Should official online documents be PDF files? Many institutions say they obviously should, but the format has some clear disadvantages. An article on the UK’s Government Digital Service site argues that HTML, not PDF, is the right format for UK government documents. Its arguments, to the extent that they’re valid, apply to lots of other documents.
It makes a plausible case against PDF. The trouble is that the case against HTML is even stronger in some ways.
The limitations of PDF
The original idea of PDF was that it would define a document with a consistent appearance using any computer and software. The emphasis is on appearance, not content. In the nineties, that was enough. Today, the Internet’s emphasis is on flexible content delivery. Information may appear on a small screen or a big one, it may be printed, or the user may hear it read aloud. Fonts, colors, and sizes can change to suit the user’s needs and preferences.
In the general case, PDF does a poor job of presenting a document’s content. The sequence of text in a file may have little to do with its logical structure. As the article notes, this creates difficulties for accessing and extracting information.
Using tagged PDF and PDF/A to impose order and exclude certain features greatly improves the usability of documents. The article doesn’t mention these profiles but refers to them by implication. They require working from an original document, such as an OpenOffice file, to get good results; tagging a PDF after the fact is possible but usually won’t reflect the document’s structure very well.
The article does have a point. PDF files are inflexible and often don’t serve online needs well. How well it stacks up against HTML is another question.
Issues with HTML
HTML has its own problems for official documents. It doesn’t necessarily present a consistent view of a document. In fact, HTML5 is designed so that the same document can have a completely different appearance, even showing different content, in different environments.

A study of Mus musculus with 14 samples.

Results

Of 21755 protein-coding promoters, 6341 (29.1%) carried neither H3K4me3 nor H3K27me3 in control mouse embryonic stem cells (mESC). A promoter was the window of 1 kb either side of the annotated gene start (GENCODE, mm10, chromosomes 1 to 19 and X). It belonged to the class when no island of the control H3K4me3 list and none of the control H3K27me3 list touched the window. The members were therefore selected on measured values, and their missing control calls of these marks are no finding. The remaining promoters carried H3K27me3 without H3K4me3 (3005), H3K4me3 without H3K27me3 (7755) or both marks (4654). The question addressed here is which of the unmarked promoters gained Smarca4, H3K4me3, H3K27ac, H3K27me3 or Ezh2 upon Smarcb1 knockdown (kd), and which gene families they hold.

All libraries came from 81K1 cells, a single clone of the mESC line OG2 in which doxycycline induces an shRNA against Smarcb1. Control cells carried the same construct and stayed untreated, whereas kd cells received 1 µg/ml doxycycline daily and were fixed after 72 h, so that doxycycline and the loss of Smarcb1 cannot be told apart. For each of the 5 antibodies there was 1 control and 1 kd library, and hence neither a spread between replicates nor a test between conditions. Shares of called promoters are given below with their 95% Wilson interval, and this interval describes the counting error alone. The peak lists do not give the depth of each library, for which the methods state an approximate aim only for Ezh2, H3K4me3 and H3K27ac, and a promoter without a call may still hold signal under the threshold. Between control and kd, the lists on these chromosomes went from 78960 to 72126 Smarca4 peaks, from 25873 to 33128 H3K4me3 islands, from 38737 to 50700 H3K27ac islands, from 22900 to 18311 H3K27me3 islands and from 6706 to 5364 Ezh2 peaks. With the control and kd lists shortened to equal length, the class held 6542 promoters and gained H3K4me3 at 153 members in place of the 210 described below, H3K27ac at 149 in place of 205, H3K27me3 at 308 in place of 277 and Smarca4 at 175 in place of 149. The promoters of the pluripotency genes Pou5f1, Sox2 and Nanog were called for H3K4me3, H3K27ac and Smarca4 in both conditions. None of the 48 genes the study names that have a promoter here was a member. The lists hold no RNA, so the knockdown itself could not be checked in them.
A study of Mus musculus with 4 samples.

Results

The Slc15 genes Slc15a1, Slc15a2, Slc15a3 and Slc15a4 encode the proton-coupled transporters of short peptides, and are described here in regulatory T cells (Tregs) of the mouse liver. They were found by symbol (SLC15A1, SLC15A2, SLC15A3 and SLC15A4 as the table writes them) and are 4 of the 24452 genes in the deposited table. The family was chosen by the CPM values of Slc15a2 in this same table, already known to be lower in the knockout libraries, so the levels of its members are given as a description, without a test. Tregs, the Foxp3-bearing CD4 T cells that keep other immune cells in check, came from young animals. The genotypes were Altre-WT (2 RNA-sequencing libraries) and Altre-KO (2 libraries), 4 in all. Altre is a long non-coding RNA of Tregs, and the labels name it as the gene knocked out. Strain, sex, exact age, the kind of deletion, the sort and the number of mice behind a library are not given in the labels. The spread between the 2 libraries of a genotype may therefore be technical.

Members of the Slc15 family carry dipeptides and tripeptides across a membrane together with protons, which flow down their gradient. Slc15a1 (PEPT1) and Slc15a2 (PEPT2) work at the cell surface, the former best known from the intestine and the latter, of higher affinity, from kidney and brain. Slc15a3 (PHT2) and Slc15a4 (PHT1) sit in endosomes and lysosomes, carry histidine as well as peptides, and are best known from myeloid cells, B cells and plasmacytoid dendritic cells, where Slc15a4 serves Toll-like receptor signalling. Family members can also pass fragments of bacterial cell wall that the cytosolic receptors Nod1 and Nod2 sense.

Most HTML is broken. Files violate their own syntax rules, and browsers piece them back together. It’s not unusual for a file to fail to render at all on some browsers.
The exact appearance of a legally significant document is important. When the resolution of legal disputes depends on tiny details, differences in what the user sees can affect how courts rule.
Neither HTML nor PDF is entirely satisfactory for presenting official documents on the Internet. One is too free-wheeling, and the other emphasizes appearance over content. Perhaps what’s needed is a standard which defines a restricted HTML that’s comparable to PDF/A. It would guarantee consistent content.
It would be nice to have a standard like this. HTML that conformed to it would have a reliable appearance on any browser, and it wouldn’t be hard to make it backward compatible to many older browser releases. Creating the standard would be a major job, though, and I don’t think anyone with influence has been inclined to tackle it.
For all its problems, PDF/A has some strong advantages over HTML for documents that need stable and unambiguous content. There’s no fully satisfactory solution.